TIMES STAFF WRITER

She was 20, a Reseda secretary who had just moved into her first apartment. He was 19, a reputed North Hollywood gang member known by the street name Chaka.

And now, nearly five years after she was killed on Christmas Eve, the tale of their tainted love has moved to a courtroom.

According to Deputy Dist. Atty. Shellie Samuels, Ruben Dario Garcia began terrorizing Anna Alfaro after she dumped him for her high school sweetheart. And then, Samuels alleges, Garcia kidnaped, raped and killed Alfaro--firing the fatal shot into her head in front of two police officers.

One of the officers, William Merchant, testified last Friday that he’ll never forget the hopeful look in Alfaro’s eyes as the spotlight of his patrol car caught her crouching submissively in front of Garcia in an apartment building alcove.


After hearing two days of such testimony about Alfaro’s death, Van Nuys Municipal Court Judge Leslie Dunn this week ordered Garcia bound over for trial on charges of first-degree murder, kidnaping, rape, attempted murder and assault with a deadly weapon.

The first-degree murder charge carries three special circumstances that make Garcia eligible for the death penalty: He allegedly laid in wait for Alfaro, and he allegedly killed her during the commission of two other serious crimes--a rape and a kidnaping.

Samuels also alleged that Garcia, who had the same nickname as an infamous tagger, had manipulated the criminal justice system for years, both before and after Alfaro’s death.


Alfaro’s boyfriend, Luis Diaz, testified that they had just delivered Christmas gifts at the home of Alfaro’s parents in the 7000 block of Hazeltine Avenue in Van Nuys when Garcia “jumped out of the bushes,” about 10 that night, pointed a revolver at him, and grabbed her by the hair.

“He pulled the trigger two times. It clicked. Then he hit her on the head with the gun. She was scared and crying. He told her to shut up and hit her on the head with the gun,” Diaz said.

Diaz dialed 911 and the police search began.


“The two of them looked at us, I put the car in park, and as I was exiting the vehicle I heard a gunshot. I saw him extend his arm and fire a second round into her head. She fell back against the garage and to her right. The defendant turned the gun toward myself and my partner and fired some more rounds.”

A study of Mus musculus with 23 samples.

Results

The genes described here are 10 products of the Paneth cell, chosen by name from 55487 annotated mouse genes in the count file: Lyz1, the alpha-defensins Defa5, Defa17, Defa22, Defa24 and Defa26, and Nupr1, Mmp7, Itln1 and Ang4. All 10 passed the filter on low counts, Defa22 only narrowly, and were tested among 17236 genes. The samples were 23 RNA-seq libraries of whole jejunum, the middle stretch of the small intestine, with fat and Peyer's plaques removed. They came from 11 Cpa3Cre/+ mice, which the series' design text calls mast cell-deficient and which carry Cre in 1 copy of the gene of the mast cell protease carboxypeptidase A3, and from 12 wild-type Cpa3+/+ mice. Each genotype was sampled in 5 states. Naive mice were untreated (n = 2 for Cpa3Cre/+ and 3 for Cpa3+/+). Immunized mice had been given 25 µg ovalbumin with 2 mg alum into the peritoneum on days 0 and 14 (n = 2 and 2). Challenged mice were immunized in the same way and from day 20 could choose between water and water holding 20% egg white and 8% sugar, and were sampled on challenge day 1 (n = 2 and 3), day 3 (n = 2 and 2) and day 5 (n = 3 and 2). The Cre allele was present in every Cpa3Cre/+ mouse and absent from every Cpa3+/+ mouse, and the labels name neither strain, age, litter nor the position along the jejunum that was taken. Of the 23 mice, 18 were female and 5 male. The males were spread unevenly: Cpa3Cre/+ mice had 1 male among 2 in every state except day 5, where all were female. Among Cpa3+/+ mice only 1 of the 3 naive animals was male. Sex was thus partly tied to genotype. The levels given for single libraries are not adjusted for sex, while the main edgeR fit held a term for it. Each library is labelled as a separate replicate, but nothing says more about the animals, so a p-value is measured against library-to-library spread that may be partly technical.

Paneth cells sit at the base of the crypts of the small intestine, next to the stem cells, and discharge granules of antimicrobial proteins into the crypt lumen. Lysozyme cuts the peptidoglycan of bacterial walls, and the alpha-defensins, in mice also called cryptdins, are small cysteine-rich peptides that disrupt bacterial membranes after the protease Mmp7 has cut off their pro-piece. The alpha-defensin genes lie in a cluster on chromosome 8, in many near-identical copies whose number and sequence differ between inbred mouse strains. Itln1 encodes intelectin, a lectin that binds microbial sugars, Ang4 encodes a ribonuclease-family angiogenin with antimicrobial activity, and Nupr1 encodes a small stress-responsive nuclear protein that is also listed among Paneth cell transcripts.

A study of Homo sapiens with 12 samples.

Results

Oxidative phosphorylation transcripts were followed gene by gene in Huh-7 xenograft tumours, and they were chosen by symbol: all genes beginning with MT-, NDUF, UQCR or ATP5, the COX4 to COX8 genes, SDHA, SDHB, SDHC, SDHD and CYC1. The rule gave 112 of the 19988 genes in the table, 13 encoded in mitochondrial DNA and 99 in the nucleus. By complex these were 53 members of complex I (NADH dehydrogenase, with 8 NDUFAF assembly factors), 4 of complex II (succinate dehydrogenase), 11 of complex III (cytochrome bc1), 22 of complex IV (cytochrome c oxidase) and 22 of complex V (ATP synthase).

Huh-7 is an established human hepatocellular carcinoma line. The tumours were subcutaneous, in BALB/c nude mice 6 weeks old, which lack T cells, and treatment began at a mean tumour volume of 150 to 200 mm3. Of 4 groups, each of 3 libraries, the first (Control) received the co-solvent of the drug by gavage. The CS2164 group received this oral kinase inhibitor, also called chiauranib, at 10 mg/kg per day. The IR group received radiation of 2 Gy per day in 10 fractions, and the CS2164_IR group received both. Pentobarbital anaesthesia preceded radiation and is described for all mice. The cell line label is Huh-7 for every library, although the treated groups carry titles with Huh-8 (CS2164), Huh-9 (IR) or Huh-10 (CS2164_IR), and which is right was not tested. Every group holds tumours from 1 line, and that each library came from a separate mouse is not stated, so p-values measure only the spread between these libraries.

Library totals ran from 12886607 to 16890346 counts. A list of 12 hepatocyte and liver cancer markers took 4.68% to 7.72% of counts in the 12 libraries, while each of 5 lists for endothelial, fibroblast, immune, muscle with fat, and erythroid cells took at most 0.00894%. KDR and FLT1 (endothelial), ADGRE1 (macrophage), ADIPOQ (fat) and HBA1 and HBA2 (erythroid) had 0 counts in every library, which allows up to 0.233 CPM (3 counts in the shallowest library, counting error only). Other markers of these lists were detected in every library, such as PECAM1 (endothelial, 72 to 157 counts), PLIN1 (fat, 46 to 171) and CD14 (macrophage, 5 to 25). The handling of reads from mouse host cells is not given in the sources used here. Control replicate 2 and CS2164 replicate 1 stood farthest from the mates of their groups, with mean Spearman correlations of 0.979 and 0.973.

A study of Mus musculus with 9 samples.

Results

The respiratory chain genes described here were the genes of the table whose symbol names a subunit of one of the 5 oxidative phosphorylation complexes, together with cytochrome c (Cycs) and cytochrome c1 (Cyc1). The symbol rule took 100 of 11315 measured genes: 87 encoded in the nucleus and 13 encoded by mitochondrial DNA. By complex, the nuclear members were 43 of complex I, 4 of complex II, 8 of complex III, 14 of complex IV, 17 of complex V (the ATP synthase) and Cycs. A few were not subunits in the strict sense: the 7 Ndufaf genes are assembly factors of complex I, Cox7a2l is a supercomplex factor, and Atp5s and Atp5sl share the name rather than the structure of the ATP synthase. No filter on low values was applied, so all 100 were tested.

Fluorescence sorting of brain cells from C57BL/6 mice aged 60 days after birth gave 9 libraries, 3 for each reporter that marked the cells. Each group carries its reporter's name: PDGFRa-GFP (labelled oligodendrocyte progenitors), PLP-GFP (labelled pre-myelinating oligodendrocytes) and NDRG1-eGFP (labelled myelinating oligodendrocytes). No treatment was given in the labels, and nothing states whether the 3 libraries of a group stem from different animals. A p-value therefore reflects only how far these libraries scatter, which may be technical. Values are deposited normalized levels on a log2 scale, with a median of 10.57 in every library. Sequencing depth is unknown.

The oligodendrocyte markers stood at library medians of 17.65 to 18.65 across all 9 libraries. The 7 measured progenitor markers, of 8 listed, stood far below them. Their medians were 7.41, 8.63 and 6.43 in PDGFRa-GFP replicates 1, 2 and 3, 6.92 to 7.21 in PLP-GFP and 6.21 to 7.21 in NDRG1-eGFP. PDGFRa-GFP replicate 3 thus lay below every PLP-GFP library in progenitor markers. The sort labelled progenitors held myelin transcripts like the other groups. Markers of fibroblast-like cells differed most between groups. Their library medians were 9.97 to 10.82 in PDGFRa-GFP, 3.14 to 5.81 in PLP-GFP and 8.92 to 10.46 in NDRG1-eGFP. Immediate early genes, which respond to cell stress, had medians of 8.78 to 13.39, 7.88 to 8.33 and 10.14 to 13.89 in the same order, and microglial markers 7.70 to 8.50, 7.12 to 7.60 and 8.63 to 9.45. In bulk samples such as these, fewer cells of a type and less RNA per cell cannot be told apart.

By then, five or six other squad cars were sealing off the neighborhood. A police helicopter hovered above. Merchant said he provided cover for a rescuer, who jumped out of an ambulance and who ran down the alley to check Alfaro’s condition.

“They said she was dead.”

As it has unfolded, the case has served as a tragic example of how difficult it is to protect someone from threatened violence, and how frustrating it can be to bring an accused killer to trial when states with different death penalty laws are involved.


Court records show she had called the police on Garcia four times in the fall of 1989, but each time officers arrived, he would be gone.

She told officers he hit her, causing her to fall through a window on Sept. 12, that he bit her on Nov. 14, that he slapped her Dec. 11, and that he jumped out of the bushes and threatened her with a knife on Dec. 22. She declined to prosecute at least two of the cases, the records show, and the Dec. 22 incident was still under investigation when she died.

Although he was suspected of threatening Alfaro’s parents after her death, he proved equally elusive, Samuels said.



New York does not have the death penalty. But after Garcia completed his sentence, Samuels succeeded in having him transferred to California to stand trial. He arrived this month.